On The Atlantic.com: History-making ROFL

I have a short thing on The Atlantic’s site today, noting the significance of the recent elections to ROFLCulture (and vice versa): The Tea Party, don’t forget, was born of ROFL. Here.

In The New York Times Magazine: Taking ROFL (Sort of) Seriously

No Consumed today, but I have a feature on ROFLCulture, here.

[Big] thinkers [are] engaged in the popular debate over whether the Internet makes us smarter or dumber. And that question is interesting, but let’s face it: it’s not awesome. What Tim Hwang and his cohorts basically hit upon was the conclusion that, while that debate drags on, funny cat pictures and so on are really, really popular. And maybe another question to consider is what that means — to consider the Web not in terms of how it might affect who we become but rather in terms of how it reflects who we are. ROFL, after all, is not a seductive theory about what enlightened things democratized culture may one day produce; it is a pervasive fact on the ground. This is how sizable chunks of our cognitive resources are actually being deployed, so it’s worth trying to figure out why that is, what functions this stuff serves and how it differs from or falls in line with more familiar forms of entertainment. Perhaps, in other words, it’s worth taking ROFL seriously. Or at least sort of seriously.

Traditional book deal FTW!

Over at Hilobrow, Matthew Battles makes an interesting point about ROFLCon. (Well, he makes several, but I’m only going to address one of them here. Read his whole writeup here.) In the panels he attended, he notes: “Too often the tone was, ‘turn your snarky web site into a book — or even a TV show!'”

There’s a lot of truth in that — many of the meme-makers and Internet celebs and other proprietors of what was being celebrated as outsider weirdness got a hearty round of applause upon noting their recent book deal or other cash infusion from the trad media. This is interesting in part because it suggests that if there’s a ROFL subculture, it’s not exactly standing in opposition to the fabled MSM, despite rhetoric to the contrary. (Surely this relates to my uncertainty about what that ROFLCon attendee was getting at with her accusatory “Seriously? The New York Times?” blurtage.)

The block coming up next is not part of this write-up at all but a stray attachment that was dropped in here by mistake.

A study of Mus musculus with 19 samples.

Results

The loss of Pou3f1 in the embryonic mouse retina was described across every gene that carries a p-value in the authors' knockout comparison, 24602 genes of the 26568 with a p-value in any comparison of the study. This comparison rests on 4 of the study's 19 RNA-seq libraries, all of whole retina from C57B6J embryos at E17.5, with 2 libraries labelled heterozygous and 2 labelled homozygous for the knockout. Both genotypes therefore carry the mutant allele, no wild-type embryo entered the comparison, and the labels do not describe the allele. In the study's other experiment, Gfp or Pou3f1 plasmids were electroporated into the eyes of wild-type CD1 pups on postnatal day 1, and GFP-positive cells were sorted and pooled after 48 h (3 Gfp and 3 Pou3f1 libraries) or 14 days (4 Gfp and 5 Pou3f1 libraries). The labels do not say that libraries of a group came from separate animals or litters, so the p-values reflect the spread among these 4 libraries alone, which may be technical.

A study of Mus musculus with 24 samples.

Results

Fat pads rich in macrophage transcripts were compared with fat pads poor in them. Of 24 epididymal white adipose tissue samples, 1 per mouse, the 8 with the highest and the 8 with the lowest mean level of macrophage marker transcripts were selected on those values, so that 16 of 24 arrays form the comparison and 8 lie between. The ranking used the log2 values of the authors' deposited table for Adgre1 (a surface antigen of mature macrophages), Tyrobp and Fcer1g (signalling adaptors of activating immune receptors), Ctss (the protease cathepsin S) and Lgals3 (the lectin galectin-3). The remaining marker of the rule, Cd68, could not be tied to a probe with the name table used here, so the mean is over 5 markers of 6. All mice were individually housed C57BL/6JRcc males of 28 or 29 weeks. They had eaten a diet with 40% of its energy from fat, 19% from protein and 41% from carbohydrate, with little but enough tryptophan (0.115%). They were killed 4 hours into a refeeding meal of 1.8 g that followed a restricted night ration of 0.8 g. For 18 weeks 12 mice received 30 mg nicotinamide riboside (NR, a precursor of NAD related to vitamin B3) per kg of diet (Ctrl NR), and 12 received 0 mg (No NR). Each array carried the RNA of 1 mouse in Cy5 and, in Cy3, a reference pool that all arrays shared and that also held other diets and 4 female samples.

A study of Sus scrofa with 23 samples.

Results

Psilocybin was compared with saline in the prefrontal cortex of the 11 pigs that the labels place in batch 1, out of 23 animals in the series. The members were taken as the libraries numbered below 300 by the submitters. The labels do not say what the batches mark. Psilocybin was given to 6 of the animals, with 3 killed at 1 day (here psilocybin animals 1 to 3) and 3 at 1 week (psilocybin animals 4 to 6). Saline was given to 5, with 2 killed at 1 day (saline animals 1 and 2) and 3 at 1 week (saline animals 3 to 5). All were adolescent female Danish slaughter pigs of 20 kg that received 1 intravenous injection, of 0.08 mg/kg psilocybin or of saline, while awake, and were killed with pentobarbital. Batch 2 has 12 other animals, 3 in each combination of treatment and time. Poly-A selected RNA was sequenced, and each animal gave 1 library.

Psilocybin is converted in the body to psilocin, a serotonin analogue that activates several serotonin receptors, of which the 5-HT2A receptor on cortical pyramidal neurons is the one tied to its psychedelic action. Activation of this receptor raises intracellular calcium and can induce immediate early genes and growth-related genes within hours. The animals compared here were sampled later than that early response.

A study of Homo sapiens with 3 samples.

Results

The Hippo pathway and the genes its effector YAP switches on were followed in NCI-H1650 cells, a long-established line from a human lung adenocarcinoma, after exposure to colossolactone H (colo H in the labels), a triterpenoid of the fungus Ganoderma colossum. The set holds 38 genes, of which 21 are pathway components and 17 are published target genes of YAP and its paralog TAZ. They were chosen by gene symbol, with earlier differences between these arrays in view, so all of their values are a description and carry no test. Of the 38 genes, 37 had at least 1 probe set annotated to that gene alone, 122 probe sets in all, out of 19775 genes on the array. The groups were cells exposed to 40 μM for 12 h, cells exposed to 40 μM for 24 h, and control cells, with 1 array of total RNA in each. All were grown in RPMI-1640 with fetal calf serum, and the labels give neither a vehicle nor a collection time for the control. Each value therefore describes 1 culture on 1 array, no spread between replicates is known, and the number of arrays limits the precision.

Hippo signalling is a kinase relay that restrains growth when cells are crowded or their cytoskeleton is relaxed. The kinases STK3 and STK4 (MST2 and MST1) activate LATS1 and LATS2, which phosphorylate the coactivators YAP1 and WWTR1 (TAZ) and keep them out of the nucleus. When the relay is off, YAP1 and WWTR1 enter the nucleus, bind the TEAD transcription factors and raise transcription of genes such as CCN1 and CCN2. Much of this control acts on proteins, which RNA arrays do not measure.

To be fair, there were also stories of turning away MSM overtures that were particularly insipid, and more than one ROFLmaker seemed to take the attitude that they were better off going with a more autonomous monetization strategy (selling ads, selling merch direct to fans, etc.). The point is that I’m not sure if MSM represents a sanctifying force in ROFLCulture — or simply a source of ready money. (Money that ROFLmakers may see as a no more than a dumb windfall.) Or some of each.


This site was quiet the last couple of days because I was out of town, attending ROFLCon. If you’re not familiar with this event, it’s devoted to Internet memes, Internet celebrity, weird online culture & phenomena, etc. The guest list here.

I’m not big on conferences, but obviously this one is … unusual. And I had a great time. Among other things I got to meet a couple of people I’ve written about in the past. One was imaginary brand impresario Pete Hottelet, who has the coolest business card I’ve ever seen, and who in general turned out to be a really nice, smart, and fascinating guy. I interviewed him via phone a while back in a column about Brawndo; he’s now also putting out the real-world version of Tru Blood, and will soon release another defictionalized product that I’ll write up here later. The other was Jef Sewell, one of the founders of Despair.com (I wrote about that here), who had some really great stuff to show off, including the company’s lavish new edition of Charles Ponzi’s memoir.It looks rather impressive; I think Sewell and his brother Justin have one of the most interesting businesses around.

I also got to meet a bunch of people I’ve interviewed for stuff that’s forthcoming, plus see some old friends, meet some new friends, and so on. There were several really good panels, and I have one or two thoughts from those that I’ll try to articulate here soon.

Anyway I also had one really weird moment, which I guess isn’t too surprising at this sort of event. Everybody had lanyard name tags on and of course mine said “New York Times” on it, because, you know, even though I’m not on staff, that’s my main client or venue or whatever you want to call it. I usually don’t think about this very much, but as I was leaving one panel, a young woman walking past me as she exited looked at my name tag and blurted out an incredulous: “Seriously?? You write for The New York Times?”

She sounded sort of appalled, or maybe alarmed, and possibly just a little bit hostile.

I had no idea what to say. Partly because I wasn’t sure what she meant. Was there something really unlikely about me, as a physical human being, writing for the Times? Or did her incredulity have to do with the idea that someone from The Times might be attending this event? If the latter, was she appalled that The Times would devote attention to stuff that’s so silly/weird/obscure? Or was it more like, “Oh what a bummer that the Times is here to ruin our cool subculture”?  Again: I didn’t know what to say. Of course I’ve already written about several of the guests here, and I’ve interviewed many others. I’m sure the Times in general has covered many others. Basically I was so startled, but her tone more than anything, that I just stood there, mute.

And she kept walking. So that was that.